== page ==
More Days in White Feathers

Greetings all once again!  Starting to get in the groove of the new year now that the “Ron Owes Me Bigly” mission is coming to closure – not the “owes me” part, rather the initial mission part.  He’s in the midst of doing some packing, but I am sure as soon as that settles down, he will be getting those fingers oiled up and letting everyone know about said mission in due time… nudge, nudge.  Meanwhile my immediate mission is to get the photo queue whittled down a bit.

American White Pelican shot in Alton IL in March 2014

Thought I’d go ahead and get the big boys out of the way – well, at least some of the pictures in the hopper of the American White Pelican.  Whitey is one of those species we have easy access to in the heartland.  Cornell documents their regional map as breeders across our northern border and spotty locations in the west with a wintering destination along our southern border.  Then they got out their yellow crayon and colored everything in between for migration.  Truth is, we can find this full-bodied birds patrolling our waterways pretty regularly outside of the dead of winter.

American White Pelican shot in Alton IL in March 2014

Hit the jump to read and see a bit more about this tank of a bird.

These initial shots of the Whites were taken in March 2014 down at Alton on the mighty Mississippi near St. Louis.  There is a dam there that forms a feeding trough for the lucky Pelicans that find their way there.  Alton happens to be one of those hit or miss locations from a birding perspective.  We’ve been down there when there were birds everywhere – Eagles, Grebes, Mergansers, Cormorants and the rest of the usuals.  Then there are times where you are lucky to find a single White Pelican in the entire place.  Note, that is still marginally better than the times we went there only to find the Mighty river in full gorge preventing us from getting anywhere close to the area.

American White Pelican shot in Alton IL in March 2014

Weighing in from 10 to 20 pounds, these birds command attention wherever they are.  Even down along the Texas Gulf Coast, when the Whites show up, the Brown Pelicans take a backseat and respect their 4 to 10 pound disadvantage.  I have also noticed that the locals also turn their attention (and scopes) towards these winter visitors.  It always brings an internal chuckle when the locals notice my attention on the Brown variety and offer a helpful recommendation to take in the much more exciting White.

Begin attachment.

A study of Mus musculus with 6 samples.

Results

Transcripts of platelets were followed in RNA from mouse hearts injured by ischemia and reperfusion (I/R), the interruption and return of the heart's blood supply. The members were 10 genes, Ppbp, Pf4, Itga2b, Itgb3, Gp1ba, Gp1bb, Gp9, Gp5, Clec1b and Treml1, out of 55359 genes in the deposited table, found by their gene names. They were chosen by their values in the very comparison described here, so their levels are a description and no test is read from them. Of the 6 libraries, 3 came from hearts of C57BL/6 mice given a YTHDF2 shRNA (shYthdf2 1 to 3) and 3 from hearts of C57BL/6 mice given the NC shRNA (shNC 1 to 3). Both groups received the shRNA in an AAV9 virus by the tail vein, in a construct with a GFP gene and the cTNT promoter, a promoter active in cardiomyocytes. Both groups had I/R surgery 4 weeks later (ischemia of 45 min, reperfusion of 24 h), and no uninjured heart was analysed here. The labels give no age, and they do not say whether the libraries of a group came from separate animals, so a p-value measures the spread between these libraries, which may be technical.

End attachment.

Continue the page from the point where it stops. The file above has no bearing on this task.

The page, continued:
American White Pelican shot in Alton IL in March 2014

While reading up on this species on Cornell’s site, noticed they had a blurb regarding their pension for thievery.  This can definitely be confirmed based on my observations and a number of behavioral shots that made their way into the tin – see above.  The far Pelican worked its butt off to wrangle a fish into the basket only to have a nearby opportunist slide in for the steal.  Likely a trait learned by studying those godforsaken Gulls so perfectly characterized in the Finding Nemo show.  Every time Linda and I come upon a flock of Gulls we immediately start mocking “mine, mine, mine, mine, mine” hehehe.  For the record, the true hunter was able to successfully prevent the steal and gargle it down.

American White Pelican shot in Alton IL in March 2014

These last two flying shots were taken at Kentucky Lake. For those keeping track, these were shot in a relatively fresh April 2015 (well, fresh compared to the 2014 shots above sigh).  The White Pelican is one of two species of birds that I can often pick out at a significant distance away when they are in flight.   The reason for this is they often fly in large groups, gliding slowly in the wind and heat risers.  The key is they will disappear and reappear as they tip their wings in unison to change direction.  One second you see them …or more specifically their black highlights on their wings, next thing you know you might make out small slivers as their highlights get eclipsed giving the illusion they faded into the sky.

American White Pelican shot near Kentucky Lake in April 2015

The other bird that has a very similar coloring and fade illusion is the Snow Goose.  Not to the same degree as they are faster flyers and flap their wings more rapid so the fade doesn’t last as long.  The Snow Goose also tends to travel with their dark morph counterparts which dampens the effect.

American White Pelican shot near Kentucky Lake in April 2015

Better call it a post – out of pictures to share and the White Pelican gets me a bit choked up as it has gained more of an emotional investment over the last few months.

Keep the wind under your wings everyone – catch ya’  back here sometime soon!